Why I Want Friends Who Are Different From Me

Shannon friendsMy son is black.  Now I guess that’s not really a significant statement unless I also mention that I am white.  When my husband and I first adopted our now five year old, we set out to fill our home with books, toys, and videos with black characters that our little boy could identify with.  What we soon realized was that this took a lot of extra thought, because our natural inclination was to reach for the ones that looked most like us.  The deeper we got into it, the more we realized that it wasn’t just childish toys, but our very lives that reflected that tendency.  We began to realize that despite saying that we valued diversity, we had built our world mostly around people who looked and lived just like us.

Since that time, I am happy to say we’ve come a long way.  We have formed deep and meaningful relationships with people of different ethnicities, ages, religious or political beliefs, and socioeconomic class.  The reason that this is a value for us is not merely because it gives our children a fuller understanding of the world (though that is certainly important), but because it greatly enriches our lives.  Through friendship with those who are different than me, I have been exposed to beautiful aspects of other cultures and have become more open-minded and prone to assume the best about people.

But there are areas of growth that have not come quite as easily, too.  I have had challenging conversations about both personal and world issues that have forced me to consider another viewpoint. I have been frustrated with friends when they did not handle a situation in a way that was culturally acceptable to me.   Sometimes it seems easier to write a Facebook rant about an issue than actually sit down with another person and discuss it. I am no exception.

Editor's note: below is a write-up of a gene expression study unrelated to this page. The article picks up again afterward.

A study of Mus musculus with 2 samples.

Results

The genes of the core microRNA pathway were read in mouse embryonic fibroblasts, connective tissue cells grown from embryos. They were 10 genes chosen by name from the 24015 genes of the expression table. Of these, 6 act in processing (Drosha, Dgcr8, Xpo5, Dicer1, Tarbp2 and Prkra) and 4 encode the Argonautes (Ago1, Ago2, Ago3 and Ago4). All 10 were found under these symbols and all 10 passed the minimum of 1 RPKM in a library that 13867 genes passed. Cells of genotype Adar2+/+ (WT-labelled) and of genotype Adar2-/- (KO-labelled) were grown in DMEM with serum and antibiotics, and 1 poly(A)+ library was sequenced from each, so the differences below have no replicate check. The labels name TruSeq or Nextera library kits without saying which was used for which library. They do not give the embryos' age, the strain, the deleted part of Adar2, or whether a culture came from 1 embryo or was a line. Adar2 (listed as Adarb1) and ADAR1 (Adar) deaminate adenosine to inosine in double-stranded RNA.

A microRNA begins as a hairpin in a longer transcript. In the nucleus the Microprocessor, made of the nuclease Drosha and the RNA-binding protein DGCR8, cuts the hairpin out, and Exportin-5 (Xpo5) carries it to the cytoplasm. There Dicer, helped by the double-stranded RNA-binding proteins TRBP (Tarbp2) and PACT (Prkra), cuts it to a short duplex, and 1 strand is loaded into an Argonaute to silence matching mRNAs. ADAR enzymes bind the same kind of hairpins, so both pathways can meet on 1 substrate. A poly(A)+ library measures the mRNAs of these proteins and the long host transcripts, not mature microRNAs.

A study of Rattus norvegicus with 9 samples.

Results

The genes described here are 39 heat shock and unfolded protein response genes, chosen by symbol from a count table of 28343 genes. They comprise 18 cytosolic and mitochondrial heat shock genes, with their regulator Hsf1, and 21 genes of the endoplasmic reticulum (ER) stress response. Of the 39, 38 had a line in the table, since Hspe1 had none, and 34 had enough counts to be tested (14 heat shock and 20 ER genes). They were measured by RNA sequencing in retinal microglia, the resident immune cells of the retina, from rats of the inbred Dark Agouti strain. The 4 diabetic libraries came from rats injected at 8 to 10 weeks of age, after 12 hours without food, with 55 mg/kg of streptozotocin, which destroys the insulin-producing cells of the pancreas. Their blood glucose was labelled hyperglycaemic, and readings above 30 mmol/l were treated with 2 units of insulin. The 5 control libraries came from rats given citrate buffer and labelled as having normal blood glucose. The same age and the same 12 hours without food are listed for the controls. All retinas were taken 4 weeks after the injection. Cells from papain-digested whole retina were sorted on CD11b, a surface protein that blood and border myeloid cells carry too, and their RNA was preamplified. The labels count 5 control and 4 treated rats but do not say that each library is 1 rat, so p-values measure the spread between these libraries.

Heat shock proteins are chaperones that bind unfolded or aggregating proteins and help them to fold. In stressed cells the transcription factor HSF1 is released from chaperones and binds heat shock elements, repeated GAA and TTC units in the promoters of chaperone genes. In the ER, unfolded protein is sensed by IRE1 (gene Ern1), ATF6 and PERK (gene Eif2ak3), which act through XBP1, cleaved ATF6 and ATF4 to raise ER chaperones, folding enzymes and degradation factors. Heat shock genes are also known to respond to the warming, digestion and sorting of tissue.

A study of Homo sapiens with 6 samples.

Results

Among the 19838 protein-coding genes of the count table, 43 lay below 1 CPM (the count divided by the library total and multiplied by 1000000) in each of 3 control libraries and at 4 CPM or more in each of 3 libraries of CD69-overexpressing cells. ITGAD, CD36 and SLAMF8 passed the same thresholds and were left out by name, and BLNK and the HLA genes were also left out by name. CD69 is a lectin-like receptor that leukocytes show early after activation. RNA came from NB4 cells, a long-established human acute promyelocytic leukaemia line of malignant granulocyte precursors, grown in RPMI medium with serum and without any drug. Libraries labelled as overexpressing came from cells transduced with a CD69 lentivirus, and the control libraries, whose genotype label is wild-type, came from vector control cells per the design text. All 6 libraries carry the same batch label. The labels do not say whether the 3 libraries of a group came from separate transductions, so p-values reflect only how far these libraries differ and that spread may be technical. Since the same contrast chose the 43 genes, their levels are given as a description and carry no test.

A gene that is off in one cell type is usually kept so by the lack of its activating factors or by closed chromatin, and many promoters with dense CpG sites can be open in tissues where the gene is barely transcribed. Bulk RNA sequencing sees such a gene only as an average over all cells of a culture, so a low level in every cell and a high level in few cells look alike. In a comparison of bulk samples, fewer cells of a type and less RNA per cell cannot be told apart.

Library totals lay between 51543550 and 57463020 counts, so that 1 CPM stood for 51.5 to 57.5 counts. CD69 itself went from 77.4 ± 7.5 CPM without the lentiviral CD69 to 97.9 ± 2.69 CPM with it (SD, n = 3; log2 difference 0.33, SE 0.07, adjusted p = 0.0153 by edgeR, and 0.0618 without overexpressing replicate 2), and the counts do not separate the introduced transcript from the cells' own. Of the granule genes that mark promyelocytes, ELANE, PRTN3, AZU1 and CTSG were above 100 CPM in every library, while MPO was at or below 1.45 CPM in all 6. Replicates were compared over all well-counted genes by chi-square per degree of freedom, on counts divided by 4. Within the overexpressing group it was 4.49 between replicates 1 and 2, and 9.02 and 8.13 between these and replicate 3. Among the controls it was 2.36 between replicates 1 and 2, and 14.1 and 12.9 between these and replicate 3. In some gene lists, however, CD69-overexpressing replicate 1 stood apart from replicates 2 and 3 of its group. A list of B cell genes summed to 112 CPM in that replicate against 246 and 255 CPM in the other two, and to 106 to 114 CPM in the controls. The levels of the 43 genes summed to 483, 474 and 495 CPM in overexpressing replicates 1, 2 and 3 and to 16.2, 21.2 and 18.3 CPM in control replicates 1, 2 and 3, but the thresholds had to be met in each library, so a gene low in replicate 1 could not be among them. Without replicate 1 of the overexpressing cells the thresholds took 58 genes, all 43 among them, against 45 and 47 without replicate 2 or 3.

Having friends who are not exactly like me often requires that I have something of a steel spine on the major issues.  It’s important that I am confident about what my own convictions are, especially regarding morality or my views on marriage and family life. care for self or others.  For example, I am thriving in a happy marriage but like all marriages, it takes work and sometimes we argue.  If I spoke to a friend about one such argument and she suggested that I leave my husband, I would know immediately that I don’t morally agree with her viewpoint.  (And then it might be a good time to confide in a different friend whose morals are more in line with my own.)  However if the same friend expressed support for a presidential candidate whom I despised, it would be a great opportunity to enter into a healthy dialogue together about the needs of our country.

I know that I still have a long way to go, and I definitely see a need for more diversity in my friendships as I have just moved to a new town and left behind old friends.  But now that it is a real value in my life, I know that I will always be looking for it.

Shannon

Shannon is a wife and mother of two boys who spends her time hosing mud off children, scrubbing sticky furniture, and rushing to the ER to have nails extracted from small intestines. Shannon lives in Iowa and blogs at We, A Great Parade (http://www.agreatparade.com/).She is part of I Believe in Love because she believes in the beauty of humanity.